By Mark Williamson

UNIVERSITY of Glasgow scientists have underlined the potential to store carbon dioxide in depleted North Sea fields as a way of reducing emissions while noting work needs to be done to confirm the technology works at scale.

The university has become the latest to join the Scottish Carbon Capture & Storage partnership of organisations, which describes itself as the largest research group working in the field in the UK.

The Edinburgh-based partnership was founded in 2005 a few years after researchers working in countries such as Canada first suggested that huge amounts of carbon could be pumped into oil fields that had come to the ends of their lives.

Other members include the Universities of Edinburgh and Strathclyde and the British Geological Survey.

The University of Glasgow’s move comes as growing concern about the problem of climate change combined with the downturn in the oil and gas industry triggered by the coronavirus crisis have helped spark a big increase in CCS.

Last month the head of the UK’s Committee on Climate Change suggested Scotland could become a carbon capture “hub” for the rest of Europe as part of plans to transform into a zero carbon economy.

Sector leaders have said the North Sea oil and gas industry could play a big part in the development of carbon capture and storage facilities.

A large number of depleted fields will become available in coming years in an area which contains pipeline infrastructure that could be used for the transportation of carbon dioxide produced by manufacturers and energy firms. North Sea supply chain expertise could be drawn on to help develop the facilities required.

University of Glasgow specialists made clear they think carbon capture and storage could have a big part to play in Scotland and the wider UK.

Gioia Falcone, professor of energy engineering and associate director of the Centre for Sustainable Solutions, said: “The offshore energy sector can be transformed to help the UK become a net-zero nation, with CCS playing a pivotal role in effective pathways ahead.”

Other experts from the university showed confidence that carbon capture and storage could help deal with emissions associated with industries such as steel production and new energy sources such as hydrogen fuel.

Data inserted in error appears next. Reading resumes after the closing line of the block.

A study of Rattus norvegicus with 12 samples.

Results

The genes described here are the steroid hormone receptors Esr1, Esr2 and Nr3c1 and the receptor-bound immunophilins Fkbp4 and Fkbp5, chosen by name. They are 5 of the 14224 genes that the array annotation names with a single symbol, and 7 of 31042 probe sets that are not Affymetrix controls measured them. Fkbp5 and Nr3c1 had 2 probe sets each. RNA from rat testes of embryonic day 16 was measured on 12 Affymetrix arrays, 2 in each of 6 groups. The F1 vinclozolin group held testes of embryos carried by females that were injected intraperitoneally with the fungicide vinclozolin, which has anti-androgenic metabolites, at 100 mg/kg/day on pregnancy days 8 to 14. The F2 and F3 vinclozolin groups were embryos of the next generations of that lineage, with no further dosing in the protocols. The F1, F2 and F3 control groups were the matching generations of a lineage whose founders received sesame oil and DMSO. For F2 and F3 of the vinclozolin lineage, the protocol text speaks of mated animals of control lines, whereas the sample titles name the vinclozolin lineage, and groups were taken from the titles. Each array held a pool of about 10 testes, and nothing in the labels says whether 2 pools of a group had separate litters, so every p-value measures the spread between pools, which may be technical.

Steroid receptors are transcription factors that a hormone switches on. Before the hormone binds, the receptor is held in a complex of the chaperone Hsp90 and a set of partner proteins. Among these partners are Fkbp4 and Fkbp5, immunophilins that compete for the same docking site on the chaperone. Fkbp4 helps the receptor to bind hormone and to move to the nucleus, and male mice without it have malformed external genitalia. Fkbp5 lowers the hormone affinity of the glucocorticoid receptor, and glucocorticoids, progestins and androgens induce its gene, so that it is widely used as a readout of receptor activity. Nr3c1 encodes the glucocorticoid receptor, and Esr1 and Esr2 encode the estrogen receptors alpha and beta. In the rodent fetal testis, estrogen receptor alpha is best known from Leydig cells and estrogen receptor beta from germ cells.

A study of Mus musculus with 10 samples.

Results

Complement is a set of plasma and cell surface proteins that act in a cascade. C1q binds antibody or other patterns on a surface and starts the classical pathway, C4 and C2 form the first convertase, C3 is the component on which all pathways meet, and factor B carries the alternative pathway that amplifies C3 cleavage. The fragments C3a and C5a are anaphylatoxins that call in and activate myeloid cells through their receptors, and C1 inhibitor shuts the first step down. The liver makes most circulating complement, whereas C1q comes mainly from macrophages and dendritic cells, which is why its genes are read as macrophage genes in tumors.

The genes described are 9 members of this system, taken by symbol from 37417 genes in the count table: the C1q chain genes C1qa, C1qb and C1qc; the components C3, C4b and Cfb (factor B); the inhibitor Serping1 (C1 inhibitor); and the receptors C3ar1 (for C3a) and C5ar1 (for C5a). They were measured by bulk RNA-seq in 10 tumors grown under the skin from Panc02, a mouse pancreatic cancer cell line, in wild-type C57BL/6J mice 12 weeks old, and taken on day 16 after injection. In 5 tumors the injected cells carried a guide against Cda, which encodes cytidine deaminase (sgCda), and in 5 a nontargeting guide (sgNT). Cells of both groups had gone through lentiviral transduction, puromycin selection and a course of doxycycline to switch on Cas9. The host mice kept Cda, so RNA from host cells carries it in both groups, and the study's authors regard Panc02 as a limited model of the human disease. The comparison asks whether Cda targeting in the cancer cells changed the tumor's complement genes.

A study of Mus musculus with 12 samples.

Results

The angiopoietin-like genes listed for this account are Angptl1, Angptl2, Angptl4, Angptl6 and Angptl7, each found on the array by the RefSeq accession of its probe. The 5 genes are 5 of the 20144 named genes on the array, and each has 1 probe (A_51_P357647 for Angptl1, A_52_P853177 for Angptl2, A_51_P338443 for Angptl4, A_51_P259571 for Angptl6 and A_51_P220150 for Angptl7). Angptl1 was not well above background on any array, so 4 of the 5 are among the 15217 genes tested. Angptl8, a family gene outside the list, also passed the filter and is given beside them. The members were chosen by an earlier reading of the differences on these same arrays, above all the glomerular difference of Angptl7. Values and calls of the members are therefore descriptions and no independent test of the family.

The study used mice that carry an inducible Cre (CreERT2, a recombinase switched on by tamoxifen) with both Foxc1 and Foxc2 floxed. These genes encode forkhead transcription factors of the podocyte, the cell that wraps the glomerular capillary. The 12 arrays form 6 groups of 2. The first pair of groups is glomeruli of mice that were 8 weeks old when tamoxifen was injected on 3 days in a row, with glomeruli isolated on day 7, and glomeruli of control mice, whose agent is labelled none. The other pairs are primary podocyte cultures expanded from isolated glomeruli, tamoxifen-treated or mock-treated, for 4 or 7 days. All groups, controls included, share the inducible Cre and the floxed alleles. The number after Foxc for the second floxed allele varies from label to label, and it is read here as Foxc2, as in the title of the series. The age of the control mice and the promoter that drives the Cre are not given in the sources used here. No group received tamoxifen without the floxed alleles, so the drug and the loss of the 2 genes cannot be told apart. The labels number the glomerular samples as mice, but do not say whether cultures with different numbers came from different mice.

But Ms Falcone’s comments makes clear there is some way to go before people can be sure that carbon capture and storage systems can be developed on a big enough scale to have a meaningful impact on global emissions. There are no large-scale carbon capture and storage facilities in the UK.

She noted: “We look forward to facilitating progression from theoretical estimates of CO2 storage potential to actual large-scale CCS implementation in the UK.”

Iain Black, professor of sustainable consumption at the University of Stirling and co-chair of Friends of the Earth Scotland, recently questioned claims about the expected benefits of the technology. He said: “CCS has not been shown to work at anywhere near the scale required and has significant costs.”

Interest in Scotland is focused on the Acorn demonstrator project that is being led by Pale Blue Dot Energy. This is expected to involve using North Sea fields to store carbon dioxide that is a by-product of the production of hydrogen from natural gas. Pale Blue Dot expects the scheme to be operational in 2024.

Oil and gas heavyweights Shell and Chrysaor are collaborating with Pale Blue Dot.

SCCS director Stuart Haszeldine said Ms Falcone and her colleagues would bring a wealth of engineering and carbon capture and storage expertise to the partnership. This will strengthen SCCS’s contribution to climate action.